Sally-shakti Willow

Doctoral researcher



Funding and Awards:

University of Westminster PhD Studentship 2015-2018

Faculty Research Funding £900 for research trip to Berkeley Art Museum & Pacific Film Archive to access the Theresa Hak Kyung Cha archive, April 2017

Globally Engaged Research Scholarship - £1000 for Naropa Summer Writing Programme, Naropa University, Boulder, Colorado, Summer 2018

I have taught at the University of Westminster throughout each year of my Doctoral Research Studies.

Final Year Creative Writing Project - supervisor for Level 6 Creative Writing students final writing project (2017-2018)

Other Worlds: Fantastic Narratives - Level 6 module examining utopian and fantasy fiction (Spring semester 2017)

Introduction to Literary Studies - tutorials for Level 4 students (2015-2016)

I have been a fully qualified Teacher of English since 2005, teaching in UK secondary schools until 2014.

Utopian Poetics and Experimental Literature

My research focuses on the utopian philosophy of Ernst Bloch and aims to explore its application in understanding modern and contemporary experimental literature, with a particular focus on the work of Korean-American artist Theresa Hak Kyung Cha (1951-1982).  I am interested in exploring the ways that Cha’s work engenders or suggests an experience of non-alienation and non-oppression through its content, materiality and formal strategies.  

Taking as a theoretical foundation Ernst Bloch’s utopian philosophy, I explore the utopian poetics of Theresa Hak Kyung Cha’s Dictee (1982) and other text works.  Reading Bloch invites a new reading of the utopian – not as idealised and ideological destination but as the performed experience of non-alienation in progress and as the ‘anticipatory illumination’ of the ‘darkness of the immediately experienced moment’.  Through close reading and engagement with Theresa Hak Kyung Cha’s Dictee and other text works, I demonstrate how her practice performs a utopian poetics for both the writer and the reader and the various ways in which this is manifested in the texts as material objects.  Beginning with an introduction to the place of the utopian in modern and contemporary critical discourse, I make the case for reading utopia as performance through the philosophy of Ernst Bloch, drawing out connections and contrasts with the aesthetic theory of Theodor Adorno.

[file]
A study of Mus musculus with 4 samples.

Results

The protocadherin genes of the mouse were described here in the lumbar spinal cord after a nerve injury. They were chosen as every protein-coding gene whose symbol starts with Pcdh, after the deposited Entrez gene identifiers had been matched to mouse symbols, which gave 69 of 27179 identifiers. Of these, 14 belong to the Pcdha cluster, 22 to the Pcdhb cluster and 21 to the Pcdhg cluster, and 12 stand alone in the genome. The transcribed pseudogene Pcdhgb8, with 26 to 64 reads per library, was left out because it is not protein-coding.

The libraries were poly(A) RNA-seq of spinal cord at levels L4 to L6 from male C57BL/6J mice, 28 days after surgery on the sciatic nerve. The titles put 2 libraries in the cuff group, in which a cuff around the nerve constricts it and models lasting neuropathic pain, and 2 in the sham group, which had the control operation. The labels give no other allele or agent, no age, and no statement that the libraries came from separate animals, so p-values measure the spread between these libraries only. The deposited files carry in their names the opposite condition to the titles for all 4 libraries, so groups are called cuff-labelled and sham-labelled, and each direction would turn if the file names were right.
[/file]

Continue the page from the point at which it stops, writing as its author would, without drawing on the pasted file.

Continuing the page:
Having established this critical parameter, I engage closely with Cha’s text works at the levels of language, page and object.  First examining the performance of utopian poetics in Dictee’s use of metaphor and metonymy; then exploring Dictee’s material processes of enunciation – the ways that it communicates as a material object in codex form; and finally analysing Cha’s mail art work Audience Distant Relative and her performance Reveillé dans la Brume (Awakened in the Mist) (both 1977) in terms of the gestural responses they elicit from their audiences.  In each case, contemporary poetic theory and the growing field of recent Cha scholarship inform my argument. 

The thesis is interwoven with my own creative and poetic responses to the research themes in the form of poetry, collage, performance and sound-works.

Chapter Titles

Chapter 1: Utopian Poetics in Theresa Hak Kyung Cha’s Dictee

Chapter 2: Dictee’s Material Processes of Enunciation

Chapter 3: Utopian Poetics as Embodied Performance    

The Contemporary Small Press

I am also the research assistant for the Contemporary Small Press project co-ordinated by Leigh Wilson and Georgina Colby for the Institute of Modern and Contemporary Culture at the University of Westminster.  My responsibilities include researching and publishing articles on the Contemporary Small Press website, publishing reviews of small press titles by a pool of voluntary reviewers, maintaining public contact via the website, Twitter and Facebook accounts, publicising and promoting the range of events organised by the project, and analysing the impact of the project.